Four Jorvik attractions go free for York residents this weekend

Henry VIII (Nathan Wade) sits down for a Tudor banquet at Barley Hall in York. Photograph: Jorvik
20 May 2016 @ 9.37 am
| News

York residents can enjoy a host of free activities this weekend as a big thank you from the Jorvik Group of Attractions.

Their main attraction, the Jorvik Viking Centre, has been shut since it was inundated by the December floods.

To raise awareness for #CampaignCanute, a fundraising project set up to bring the Viking Centre back to full health, Jorvik will be allowing free entry to their four other attractions:

As long as you bring proof of identity and residence – a YorkCard, utility bill, driving licence or passport – you won’t have to pay a penny.

Sarah Maltby of the York Archaeological Trust wants to repay the kindness shown from those that have helped out already.

She said:

We were overwhelmed with kind messages when Jorvik was flooded with many local people asking how they could get involved to support us.

So this weekend will give them a chance to see our fantastic attractions, and enable us to share information about #CampaignCanute, our fundraising campaign

Life and death exhibition

Liz Wilson and Sarah Maltby with a piece of Viking coprolite - fossilised poo - that will feature in the exhibition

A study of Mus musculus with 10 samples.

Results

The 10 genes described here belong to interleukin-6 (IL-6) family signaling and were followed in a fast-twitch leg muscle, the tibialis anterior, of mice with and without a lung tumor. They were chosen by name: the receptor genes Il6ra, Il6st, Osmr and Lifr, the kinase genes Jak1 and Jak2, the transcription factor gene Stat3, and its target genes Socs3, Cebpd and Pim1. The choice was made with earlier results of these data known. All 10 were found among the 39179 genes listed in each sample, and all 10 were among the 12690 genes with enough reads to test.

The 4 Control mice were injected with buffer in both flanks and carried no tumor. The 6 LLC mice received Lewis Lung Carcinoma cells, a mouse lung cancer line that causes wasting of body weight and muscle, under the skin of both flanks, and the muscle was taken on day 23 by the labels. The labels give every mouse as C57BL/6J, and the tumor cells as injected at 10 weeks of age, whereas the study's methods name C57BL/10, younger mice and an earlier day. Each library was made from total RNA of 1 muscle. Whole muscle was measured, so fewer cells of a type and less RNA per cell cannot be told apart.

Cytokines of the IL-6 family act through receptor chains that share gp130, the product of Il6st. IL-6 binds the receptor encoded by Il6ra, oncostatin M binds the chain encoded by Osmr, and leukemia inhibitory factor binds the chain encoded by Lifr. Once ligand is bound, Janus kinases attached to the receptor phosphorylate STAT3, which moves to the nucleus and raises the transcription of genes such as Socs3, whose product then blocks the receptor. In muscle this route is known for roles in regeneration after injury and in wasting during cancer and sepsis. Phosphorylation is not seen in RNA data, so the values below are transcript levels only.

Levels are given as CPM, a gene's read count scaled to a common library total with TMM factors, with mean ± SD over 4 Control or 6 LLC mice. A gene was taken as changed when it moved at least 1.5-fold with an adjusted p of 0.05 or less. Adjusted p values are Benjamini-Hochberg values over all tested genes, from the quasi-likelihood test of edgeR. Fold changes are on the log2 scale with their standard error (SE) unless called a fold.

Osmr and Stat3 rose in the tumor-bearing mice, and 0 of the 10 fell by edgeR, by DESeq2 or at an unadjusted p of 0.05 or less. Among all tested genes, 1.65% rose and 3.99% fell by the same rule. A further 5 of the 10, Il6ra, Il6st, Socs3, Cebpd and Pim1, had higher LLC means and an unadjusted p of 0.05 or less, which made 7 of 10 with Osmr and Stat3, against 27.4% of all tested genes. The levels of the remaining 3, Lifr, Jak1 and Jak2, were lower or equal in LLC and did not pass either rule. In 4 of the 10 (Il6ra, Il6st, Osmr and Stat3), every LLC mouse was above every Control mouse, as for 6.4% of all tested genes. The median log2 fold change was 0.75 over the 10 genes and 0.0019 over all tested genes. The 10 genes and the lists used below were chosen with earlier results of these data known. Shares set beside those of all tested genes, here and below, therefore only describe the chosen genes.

Liz Wilson and Sarah Maltby with a piece of Viking coprolite – fossilised poo – that will feature in the exhibition

York Theatre Royal

Sat May 21; then Mon May 23-Sat May 28 @ 10am-4pm

Free

More info

As well as free entry to Jorvik’s attractions, the group will also be hosting a free exhibition at the York Theatre Royal on Saturday, entitled Jorvik: Life and Death.

The exhibition will explore the fascinating subject of Viking-age medicine and living conditions.

It will feature:

  • interactive displays
  • a soft play area for young children
  • and the only complete female skeleton found during the original Coppergate archaeological dig.

 
Visitors will also be able to try their hand at the medieval skill of uroscopy, which involves diagnosing miscellaneous illnesses and ailments.

Chief executive of York Theatre Royal Liz Wilson said:

We are extremely pleased to be able to offer Jorvik a home during their closure and we are looking forward to hosting what looks to be a fascinating exhibition. 

The theme ties in so well with the history of our own site, which was once the largest medieval hospital in Europe and we will be creating a brand new heritage centre in the Keregan Room to tell the incredibly interesting story of the site and the theatre’s past.